The corporate lawyer chosen to chair the inquiry into the Greensill lobbying scandal was once named one of GQ’s most connected men in Britain – but his close connections in the world of finance and politics are set to come under scrutiny.
Nigel Boardman was a long-term partner at the international law firm Slaughter and May, a role he left in 2019, though he continues to be a senior consultant at the firm.
Slaughter and May is deeply connected to the coronavirus loan scheme that David Cameron sought to access on behalf of Greensill Capital – repeatedly texting the chancellor Rishi Sunak on its behalf.
Lawyers from the firm were “working as an integrated team with Treasury legal advisers” as the Treasury set up the Covid Corporate Financing Facility (CCFF), announced by Sunak on 17 March 2020, according to a release on the firm’s website.
The loans, operated by the Bank of England on behalf of the Treasury, provide lending to large companies that had investment-grade credit ratings before the Covid pandemic.
The firm is also well connected with regulation of ex-ministers’ business interests. Boardman’s senior colleague at Slaughter and May, the firm’s special adviser on regulatory matters, has recently been appointed to the government’s Advisory Committee on Business Appointments.
That body advises ex-ministers and senior civil servants on whether and how they can take up appointments after their time in government, intended to prevent immoral use of former contacts but regularly criticised by transparency campaigners for being effectively toothless.
Slaughter and May itself previously made a joint submission with other law firms that challenged the Cameron administration when the then prime minister proposed to change lobbying rules. It suggested that adopting a blanket statutory register of lobbyists “may have the effect of stifling productive, even essential, dialogue”.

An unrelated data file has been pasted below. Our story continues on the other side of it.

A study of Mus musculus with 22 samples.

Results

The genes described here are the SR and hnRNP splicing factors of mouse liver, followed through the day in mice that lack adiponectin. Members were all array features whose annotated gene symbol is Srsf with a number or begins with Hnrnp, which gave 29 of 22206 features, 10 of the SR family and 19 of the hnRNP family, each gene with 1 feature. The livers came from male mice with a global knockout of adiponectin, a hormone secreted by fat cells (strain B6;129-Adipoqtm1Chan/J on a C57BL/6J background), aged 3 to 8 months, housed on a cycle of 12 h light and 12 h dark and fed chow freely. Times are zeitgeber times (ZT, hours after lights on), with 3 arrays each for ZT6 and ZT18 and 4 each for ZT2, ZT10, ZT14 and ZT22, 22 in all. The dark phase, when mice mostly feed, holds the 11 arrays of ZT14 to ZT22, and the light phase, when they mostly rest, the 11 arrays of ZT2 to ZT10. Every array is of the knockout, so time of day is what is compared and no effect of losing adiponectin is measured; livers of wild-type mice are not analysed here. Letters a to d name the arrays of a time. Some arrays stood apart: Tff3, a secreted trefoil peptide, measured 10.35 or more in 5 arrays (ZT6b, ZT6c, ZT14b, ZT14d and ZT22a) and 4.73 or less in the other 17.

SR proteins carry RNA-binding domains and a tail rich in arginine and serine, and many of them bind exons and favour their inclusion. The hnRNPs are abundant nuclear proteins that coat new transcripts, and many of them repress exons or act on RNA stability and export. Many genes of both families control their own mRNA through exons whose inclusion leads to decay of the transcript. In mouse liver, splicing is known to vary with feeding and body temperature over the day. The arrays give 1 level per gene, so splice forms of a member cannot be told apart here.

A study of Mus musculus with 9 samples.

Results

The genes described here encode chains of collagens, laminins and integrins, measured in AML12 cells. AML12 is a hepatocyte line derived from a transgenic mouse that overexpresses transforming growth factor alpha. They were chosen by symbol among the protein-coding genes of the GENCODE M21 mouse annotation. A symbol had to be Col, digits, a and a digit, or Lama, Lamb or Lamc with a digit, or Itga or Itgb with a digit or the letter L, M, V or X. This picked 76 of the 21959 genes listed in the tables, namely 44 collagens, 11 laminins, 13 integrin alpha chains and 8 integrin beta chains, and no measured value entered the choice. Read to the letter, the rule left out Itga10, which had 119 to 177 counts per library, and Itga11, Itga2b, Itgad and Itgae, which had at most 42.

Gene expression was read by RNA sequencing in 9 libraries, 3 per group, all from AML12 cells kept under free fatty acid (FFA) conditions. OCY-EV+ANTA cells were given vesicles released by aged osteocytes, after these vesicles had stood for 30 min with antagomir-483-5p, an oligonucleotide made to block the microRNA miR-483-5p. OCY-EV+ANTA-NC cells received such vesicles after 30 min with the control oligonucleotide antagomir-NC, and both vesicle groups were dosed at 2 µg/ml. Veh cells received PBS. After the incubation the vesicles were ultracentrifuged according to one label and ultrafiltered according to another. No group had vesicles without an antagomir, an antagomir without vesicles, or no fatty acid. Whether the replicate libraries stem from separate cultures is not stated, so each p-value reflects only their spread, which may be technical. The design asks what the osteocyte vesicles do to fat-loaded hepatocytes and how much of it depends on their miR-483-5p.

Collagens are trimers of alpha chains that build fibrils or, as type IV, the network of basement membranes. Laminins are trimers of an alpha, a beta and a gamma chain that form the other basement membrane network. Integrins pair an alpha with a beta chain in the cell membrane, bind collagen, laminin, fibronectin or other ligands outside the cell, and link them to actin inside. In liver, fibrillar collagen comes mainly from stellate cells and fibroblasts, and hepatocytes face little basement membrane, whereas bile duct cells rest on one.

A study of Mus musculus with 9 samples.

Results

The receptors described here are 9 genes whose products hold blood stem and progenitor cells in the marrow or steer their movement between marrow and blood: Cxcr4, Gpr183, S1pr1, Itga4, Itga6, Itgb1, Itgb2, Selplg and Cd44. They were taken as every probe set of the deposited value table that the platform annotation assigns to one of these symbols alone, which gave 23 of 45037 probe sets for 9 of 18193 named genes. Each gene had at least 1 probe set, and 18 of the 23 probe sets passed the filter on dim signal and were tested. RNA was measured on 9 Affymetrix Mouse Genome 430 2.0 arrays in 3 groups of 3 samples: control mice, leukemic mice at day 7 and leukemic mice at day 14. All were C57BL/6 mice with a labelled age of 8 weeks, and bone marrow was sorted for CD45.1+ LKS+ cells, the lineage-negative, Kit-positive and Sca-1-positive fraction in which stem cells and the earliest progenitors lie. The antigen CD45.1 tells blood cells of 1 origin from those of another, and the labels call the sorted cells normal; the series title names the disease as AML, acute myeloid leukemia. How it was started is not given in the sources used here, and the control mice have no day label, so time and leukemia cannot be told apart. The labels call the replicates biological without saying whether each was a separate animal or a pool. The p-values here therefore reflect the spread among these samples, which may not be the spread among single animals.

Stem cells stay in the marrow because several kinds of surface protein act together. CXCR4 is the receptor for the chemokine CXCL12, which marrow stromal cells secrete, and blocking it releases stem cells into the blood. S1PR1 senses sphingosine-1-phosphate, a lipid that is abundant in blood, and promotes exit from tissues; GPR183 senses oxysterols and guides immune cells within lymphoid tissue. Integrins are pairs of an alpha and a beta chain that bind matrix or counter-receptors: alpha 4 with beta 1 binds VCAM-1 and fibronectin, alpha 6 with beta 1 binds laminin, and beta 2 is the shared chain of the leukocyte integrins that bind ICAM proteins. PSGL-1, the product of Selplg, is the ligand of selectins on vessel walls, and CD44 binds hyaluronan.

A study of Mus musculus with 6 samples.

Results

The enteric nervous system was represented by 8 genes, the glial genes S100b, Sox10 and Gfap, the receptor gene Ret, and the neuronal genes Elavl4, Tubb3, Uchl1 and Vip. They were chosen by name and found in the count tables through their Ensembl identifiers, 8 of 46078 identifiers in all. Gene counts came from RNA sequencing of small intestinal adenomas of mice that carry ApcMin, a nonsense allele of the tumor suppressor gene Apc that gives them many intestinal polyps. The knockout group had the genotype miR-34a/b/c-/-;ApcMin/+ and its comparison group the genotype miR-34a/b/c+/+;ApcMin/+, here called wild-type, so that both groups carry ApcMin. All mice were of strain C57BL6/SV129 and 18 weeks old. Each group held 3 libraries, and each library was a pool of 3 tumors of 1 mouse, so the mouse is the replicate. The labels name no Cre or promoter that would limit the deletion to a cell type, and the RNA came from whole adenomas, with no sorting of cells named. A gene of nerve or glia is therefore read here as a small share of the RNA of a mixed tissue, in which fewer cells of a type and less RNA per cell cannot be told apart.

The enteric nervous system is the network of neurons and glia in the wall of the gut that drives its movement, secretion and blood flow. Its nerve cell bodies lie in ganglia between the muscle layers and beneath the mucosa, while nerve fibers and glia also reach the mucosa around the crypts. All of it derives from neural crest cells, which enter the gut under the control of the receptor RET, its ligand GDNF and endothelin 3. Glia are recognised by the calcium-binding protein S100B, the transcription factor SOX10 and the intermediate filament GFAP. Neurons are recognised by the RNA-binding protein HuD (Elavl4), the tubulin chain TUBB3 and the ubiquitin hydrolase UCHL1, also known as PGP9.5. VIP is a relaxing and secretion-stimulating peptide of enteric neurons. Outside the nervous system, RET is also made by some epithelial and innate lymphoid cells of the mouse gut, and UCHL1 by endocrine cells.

Friends of Boardman described him as “the most eminent banking lawyer of his generation” and said he is supremely qualified to understand the intricacies of Greensill’s offer and the world of lobbying that Cameron inhabited after resigning as prime minister in 2016.
One senior lawyer said there was some surprise in legal circles that Boardman took the role given the review’s limited terms of reference, though No 10 has said he will be given relatively free rein to recommend changes to lobbying rules and can examine government documents. He will have no legal power to compel anyone to give evidence, however.
Another senior lawyer said Boardman would not be a government puppet but added that, given his commercial experience, “all his instincts will be to defend financial institutions”.
Boardman previously led a Cabinet Office review into the procurement process of Covid contracts early in the pandemic.
Jolyon Maugham QC, the director of the Good Law Project which has investigated and launched legal action over government Covid contracts, said: “Nigel Boardman is a man with an impressive reputation who can be relied upon to tell the truth even if that truth emerges in so coded a form that few outside the establishment will understand it. But I do have real concerns about the issues he will be asked to look at – and the stones he will be told to leave unturned.”
The son of a Conservative cabinet minister, Lord Boardman, the inquiry’s head has said he will step back as a non-executive director at the Department for Business, Energy and Industrial Strategy.
Labour said Boardman’s firm and its close connections with government raised questions over the inquiry’s impartiality. Labour shadow chancellor Anneliese Dodds said: “The man investigating why the chancellor pushed his team to give Greensill Capital access to the CCFF works for the law firm that advised the Treasury on the CCFF.
“This investigation has all the hallmarks of a Conservative cover-up, which is why Labour will force a vote in the House of Commons tomorrow to establish a full, transparent, parliament-run inquiry into the Greensill scandal.”
Boardman has been approached for comment.